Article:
One in four young people are prepared to excuse physical abuse by their partner.
Research shows that many young Australians are not aware of appropriate boundaries in relationships. It's important that children are informed by research rather than rhetoric.
Who am I, as an academic, to decide in advance what is or what is not triggering to others?
There isn’t enough robust data around what teaching style are effective in higher education.
Research looking at evidence-based teaching in higher education tends to be based more on anecdotes than on large, robust and peer-reviewed data.
How we praise children is important in shaping the ways in which children see themselves.
Praising kids in a generalised way through phrases like, 'well done' or 'aren't you clever' isn't helpful and can actually damage children.
Watch out! Trigger warnings sign-post difficult material, giving the audience a chance to prepare.
Mobilus In Mobili/Flickr
In the fraught debate over trigger warnings in the university classroom, they are routinely associated with censorship and silencing. Yet for teachers, they can open up a discussion of difficult material – not suppress it.
Ruthless competition among academics could leave many scarred and deflated.
The REF has turned academic research from a vocation to pursue knowledge and scholarship, to a game of 'hits' in top journals.
Sol Plaatje never stopped learning, nor teaching.
How did Sol Plaatje, a man with only four years of formal schooling, become one of South Africa's most brilliant and committed public educators?
Some say coddled kids need to be taught how to persevere through setbacks and disappointments.
'Flower' via www.shutterstock.com
One of the newest trends in education is teaching students how to develop grit. But what's even meant by 'grit'? And what if grit means something different for everyone?
Great teachers are those who have an impact on each student.
Public perception of teachers influences not only those who may be considering entering teaching, but also how those in this profession perceive themselves.
Governments reform agendas determine which aspects of teacher education to improve.
Despite a steady stream of reviews into teacher education, little action has been taken. It has become a 'policy problem'. What is the evidence for current policy?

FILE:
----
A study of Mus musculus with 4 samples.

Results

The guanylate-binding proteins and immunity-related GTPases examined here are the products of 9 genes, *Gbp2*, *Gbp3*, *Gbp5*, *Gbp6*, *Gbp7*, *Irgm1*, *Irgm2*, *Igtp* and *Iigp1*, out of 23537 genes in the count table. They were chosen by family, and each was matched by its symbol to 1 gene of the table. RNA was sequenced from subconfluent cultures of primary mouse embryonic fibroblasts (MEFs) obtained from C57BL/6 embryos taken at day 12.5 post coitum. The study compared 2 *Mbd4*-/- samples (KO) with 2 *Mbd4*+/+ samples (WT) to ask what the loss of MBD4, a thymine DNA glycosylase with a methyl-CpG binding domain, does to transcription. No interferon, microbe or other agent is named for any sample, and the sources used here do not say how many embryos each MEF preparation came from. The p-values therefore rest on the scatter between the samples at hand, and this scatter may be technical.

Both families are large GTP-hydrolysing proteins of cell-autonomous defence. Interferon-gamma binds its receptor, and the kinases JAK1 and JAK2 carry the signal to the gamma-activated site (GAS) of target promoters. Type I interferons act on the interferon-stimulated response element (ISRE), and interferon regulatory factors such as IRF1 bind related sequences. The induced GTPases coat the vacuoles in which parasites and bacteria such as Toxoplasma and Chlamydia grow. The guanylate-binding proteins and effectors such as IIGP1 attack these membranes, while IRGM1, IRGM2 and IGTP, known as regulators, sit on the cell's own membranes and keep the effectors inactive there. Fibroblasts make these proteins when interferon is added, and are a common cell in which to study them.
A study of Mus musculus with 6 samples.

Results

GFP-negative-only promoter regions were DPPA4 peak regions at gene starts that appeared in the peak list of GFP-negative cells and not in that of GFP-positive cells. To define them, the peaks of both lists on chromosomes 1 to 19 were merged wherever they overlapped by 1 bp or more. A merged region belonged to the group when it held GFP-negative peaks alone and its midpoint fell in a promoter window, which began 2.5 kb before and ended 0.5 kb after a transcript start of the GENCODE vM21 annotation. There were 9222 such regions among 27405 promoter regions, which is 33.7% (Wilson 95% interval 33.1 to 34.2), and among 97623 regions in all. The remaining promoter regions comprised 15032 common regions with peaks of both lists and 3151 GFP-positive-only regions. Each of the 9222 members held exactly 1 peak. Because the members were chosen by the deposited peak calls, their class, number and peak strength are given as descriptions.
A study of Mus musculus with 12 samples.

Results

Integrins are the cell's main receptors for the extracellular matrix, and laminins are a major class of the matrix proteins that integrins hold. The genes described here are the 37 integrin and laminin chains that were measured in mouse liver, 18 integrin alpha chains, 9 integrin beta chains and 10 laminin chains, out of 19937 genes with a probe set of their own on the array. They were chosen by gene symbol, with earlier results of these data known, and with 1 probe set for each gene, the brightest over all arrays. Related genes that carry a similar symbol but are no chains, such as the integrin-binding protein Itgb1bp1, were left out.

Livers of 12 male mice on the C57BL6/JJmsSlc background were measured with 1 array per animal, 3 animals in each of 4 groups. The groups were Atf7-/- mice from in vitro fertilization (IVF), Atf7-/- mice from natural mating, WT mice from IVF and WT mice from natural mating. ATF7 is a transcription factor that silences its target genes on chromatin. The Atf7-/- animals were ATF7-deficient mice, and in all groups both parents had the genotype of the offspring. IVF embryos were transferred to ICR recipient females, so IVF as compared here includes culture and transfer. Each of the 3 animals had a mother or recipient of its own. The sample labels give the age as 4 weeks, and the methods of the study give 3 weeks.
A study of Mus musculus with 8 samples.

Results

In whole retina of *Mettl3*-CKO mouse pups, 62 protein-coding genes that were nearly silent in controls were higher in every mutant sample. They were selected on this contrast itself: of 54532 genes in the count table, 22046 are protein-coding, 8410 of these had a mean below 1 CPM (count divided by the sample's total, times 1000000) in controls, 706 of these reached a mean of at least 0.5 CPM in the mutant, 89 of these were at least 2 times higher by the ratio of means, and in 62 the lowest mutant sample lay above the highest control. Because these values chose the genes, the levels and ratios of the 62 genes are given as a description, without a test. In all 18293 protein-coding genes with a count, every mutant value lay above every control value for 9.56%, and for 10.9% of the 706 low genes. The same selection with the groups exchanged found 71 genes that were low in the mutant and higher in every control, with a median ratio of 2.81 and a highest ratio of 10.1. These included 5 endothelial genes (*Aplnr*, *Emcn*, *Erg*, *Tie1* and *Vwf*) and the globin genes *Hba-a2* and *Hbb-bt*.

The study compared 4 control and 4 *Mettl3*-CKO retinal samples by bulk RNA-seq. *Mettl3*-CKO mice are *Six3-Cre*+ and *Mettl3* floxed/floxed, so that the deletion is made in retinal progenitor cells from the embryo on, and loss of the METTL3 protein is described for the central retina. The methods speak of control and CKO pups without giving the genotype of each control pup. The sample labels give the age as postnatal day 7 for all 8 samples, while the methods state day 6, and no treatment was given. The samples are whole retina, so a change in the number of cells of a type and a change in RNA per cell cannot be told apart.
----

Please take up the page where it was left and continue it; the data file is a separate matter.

Teachers can help parents support their child’s maths learning at home.
Here are some strategies that can help boost both teachers' and their students' confidence in maths.
Students with autism often need to take a break from the demands of the classroom.
Teachers' lack of confidence in supporting students with autism calls for a better understanding of the disorder and how it may affect learning.
Do students really learn in different ways?
There is little evidence to show that teaching students according to perceived 'learning styles' has any positive effect on their learning.
Do we need to make teacher education more selective in Australia?
We need to have fewer teachers, to pay them more on scales differentiated by skill, and to have more restricted entry into teacher education programs.
Children's scribbles can tell us a lot about how they will progress in school.
Rating teachers doesn’t necessarily improve quality.
There is little evidence that external inspections and evaluation measures produce better teachers.
We are going to see more teachers working outside their area of expertise.
Teacher education is set to become increasingly part-time, female-dominated, with more teachers working outside their area of expertise.
By investing wisely in the best evidence-based teacher education programs, the government can foster quality teaching without increasing total funding.
We have an oversupply of teachers, a lack of specialist teachers and an undervalued profession.
The first day in the classroom can be a scary prospect.
Listen up new teachers, here's what you need to know before you hit the classroom.
Children taking part in a philosophical discussion at Buranda State School in Brisbane.
Teaching philosophy for just one hour a week can improve children's progress in writing, maths and reading.